The recent guest article, Mobile Music Best Practices from Japan and Korea, has resulted in some interesting comments on the web. It seems that the
long- wrong-held belief about Japan’s mobile success story is still being attributed to the “There are relatively few people in Japan with a home-based Internet connection, making the mobile Internet more attractive” syndrome. However, it’s clear according to the ITU that Japan’s Internet and PC adoption rates have been much the same as, or even better than, the adoption rates in European countries such as France, Germany and the UK since at least 2001. Another comment we saw regarding the Chaku-uta Full song downloads explained in the article said “it seems to me it may be being marketed (and more importantly used) more as a next-generation ring-tone service than as a true music service”.
This is incorrect. Today in Japan, marketing to encourage customers to upgrade and listen to full-track music on their new mobile devices is everywhere; in print, outdoor and on television commercials, we are seeing massive “i-pod-meets-mobile-phone” promotions. Hence the stereo headphones and J-pop artists making regular appearances to help push the product. Sure, people can use full songs as ring-tones as well (that’s a bonus), but that is not how Chaku-uta Full is be marketed or — more importantly — being used. (And you don’t have to take our word for it. Visit KDDI’s Ad Index site and surf around to watch their current selection of TV commercials.)
WWJ subscribers login for more cool links and a quick overview of another interesting mobile-music service model coming out of Korea.
The direct links to the ITU’s Internet indicators (Hosts, Users and Number of PCs) are here:
Direct links to 4 handset makers’ current marketing campaigns for music enabled handsets (in Japanese). Note that Kyocera’s site has a Windows Media Player version of their latest TV commercial for the W31k:
But what about actual mobile-music uptake on the street?
Sure, we see all manner of portable music players here, from the super-popular i-Pods to a wide range of domestic MP3 players. But, from looking around during our morning commute, we estimate somewhere around 30 percent of the mobile music players in use today cellys. Why not more? It’s still somewhat early in the music-capable handset replacement cycle, and the carriers’ drastic DRM policies, as now implemented, may forever cap mass adoption.
This ASP approach has become very popular in Korea. That model could become the next stage of mobile music in any global market (depending on the way royalties are handled). At least the fancy hardware is ready, willing and able.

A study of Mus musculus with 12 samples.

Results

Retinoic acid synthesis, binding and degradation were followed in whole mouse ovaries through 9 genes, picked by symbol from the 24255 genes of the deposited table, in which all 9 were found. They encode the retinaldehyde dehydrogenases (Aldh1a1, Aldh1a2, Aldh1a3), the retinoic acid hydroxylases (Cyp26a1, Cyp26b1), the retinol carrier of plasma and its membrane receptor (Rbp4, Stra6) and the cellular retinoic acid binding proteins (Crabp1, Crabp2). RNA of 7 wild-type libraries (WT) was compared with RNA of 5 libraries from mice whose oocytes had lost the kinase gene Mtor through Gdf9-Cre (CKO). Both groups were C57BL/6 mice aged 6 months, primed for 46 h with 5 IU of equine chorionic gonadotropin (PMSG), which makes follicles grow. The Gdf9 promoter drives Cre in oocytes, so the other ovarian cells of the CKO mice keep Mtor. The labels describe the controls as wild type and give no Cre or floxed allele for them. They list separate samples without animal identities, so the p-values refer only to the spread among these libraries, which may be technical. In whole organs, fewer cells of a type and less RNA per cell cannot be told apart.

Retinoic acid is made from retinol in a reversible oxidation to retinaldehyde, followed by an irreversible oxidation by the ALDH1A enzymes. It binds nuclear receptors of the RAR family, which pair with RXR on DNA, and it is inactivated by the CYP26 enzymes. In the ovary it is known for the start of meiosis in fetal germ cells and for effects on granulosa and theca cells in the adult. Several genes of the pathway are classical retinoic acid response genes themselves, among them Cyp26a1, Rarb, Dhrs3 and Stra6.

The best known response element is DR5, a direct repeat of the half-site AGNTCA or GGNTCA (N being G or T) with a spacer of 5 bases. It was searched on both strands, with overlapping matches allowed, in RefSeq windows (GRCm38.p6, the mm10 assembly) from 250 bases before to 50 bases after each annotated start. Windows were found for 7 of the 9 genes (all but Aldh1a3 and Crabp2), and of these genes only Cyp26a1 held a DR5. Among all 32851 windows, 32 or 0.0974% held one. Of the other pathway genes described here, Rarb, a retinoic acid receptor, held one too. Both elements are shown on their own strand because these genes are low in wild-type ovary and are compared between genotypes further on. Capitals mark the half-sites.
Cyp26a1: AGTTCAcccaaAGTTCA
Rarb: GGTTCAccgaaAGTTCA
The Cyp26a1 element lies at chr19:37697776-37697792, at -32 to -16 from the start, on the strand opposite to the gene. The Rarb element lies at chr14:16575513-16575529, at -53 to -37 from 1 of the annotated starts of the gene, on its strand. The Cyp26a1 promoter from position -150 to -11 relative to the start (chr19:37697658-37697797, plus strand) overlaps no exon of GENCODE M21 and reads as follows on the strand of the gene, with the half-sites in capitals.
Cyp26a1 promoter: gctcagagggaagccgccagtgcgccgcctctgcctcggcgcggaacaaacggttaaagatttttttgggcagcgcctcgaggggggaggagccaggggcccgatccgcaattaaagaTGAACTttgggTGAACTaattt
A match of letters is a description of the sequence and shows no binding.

As mentioned in South Korea Pushes Digital Music Ubiquity, November 15, 2004:
“iTunes+iPod” is currently defining the paid music market in the US and Europe, but Korea plans to supplant PC-based download models with cheap mobile services and new devices like portable satellite receivers. That will enable users to handle calls, video and audio content from a range of next generation mobile handsets.
With that technology backdrop in mind, new music services are emerging. SK Telekom, Korea’s largest mobile service provider, just launched a flat-rate music downloading service for 5,000 won ($4.50) a month. Called “MelOn”, the offering promises to let subscribers listen to music “whenever, wherever, on whatever devices they want.” The MelOn service provides unlimited music streams and music downloads, with easy access from a mobile and fixed-line network. After the subscription has expired, the DRM blocks access to the sound files.
Korea is clearly taking lessons from new portable subscription services like Napster To Go. But MelOn is heavily geared towards the mobile market, with Napster only dabbling in this arena so far.
– WWJ Editors
Related news (16 August) from Infoworld:
Music downloads via cell phones outpaced those to digital music players by a wide margin in Japan during the first six months of 2005, according to data released last week.
Cell-phone downloads including complete songs and ring-tone melodies totaled 108.9 million songs during the first half of the year and were worth JPY 13.6 billion (US$123 million as of June 30, the last day of the period), according to figures from the Recording Industry Association of Japan (RIAJ).
In contrast, legal music downloads from the Internet to devices like portable music players totaled 2.2 million songs and were worth JPY 538.8 million during the same period, the RIAJ said.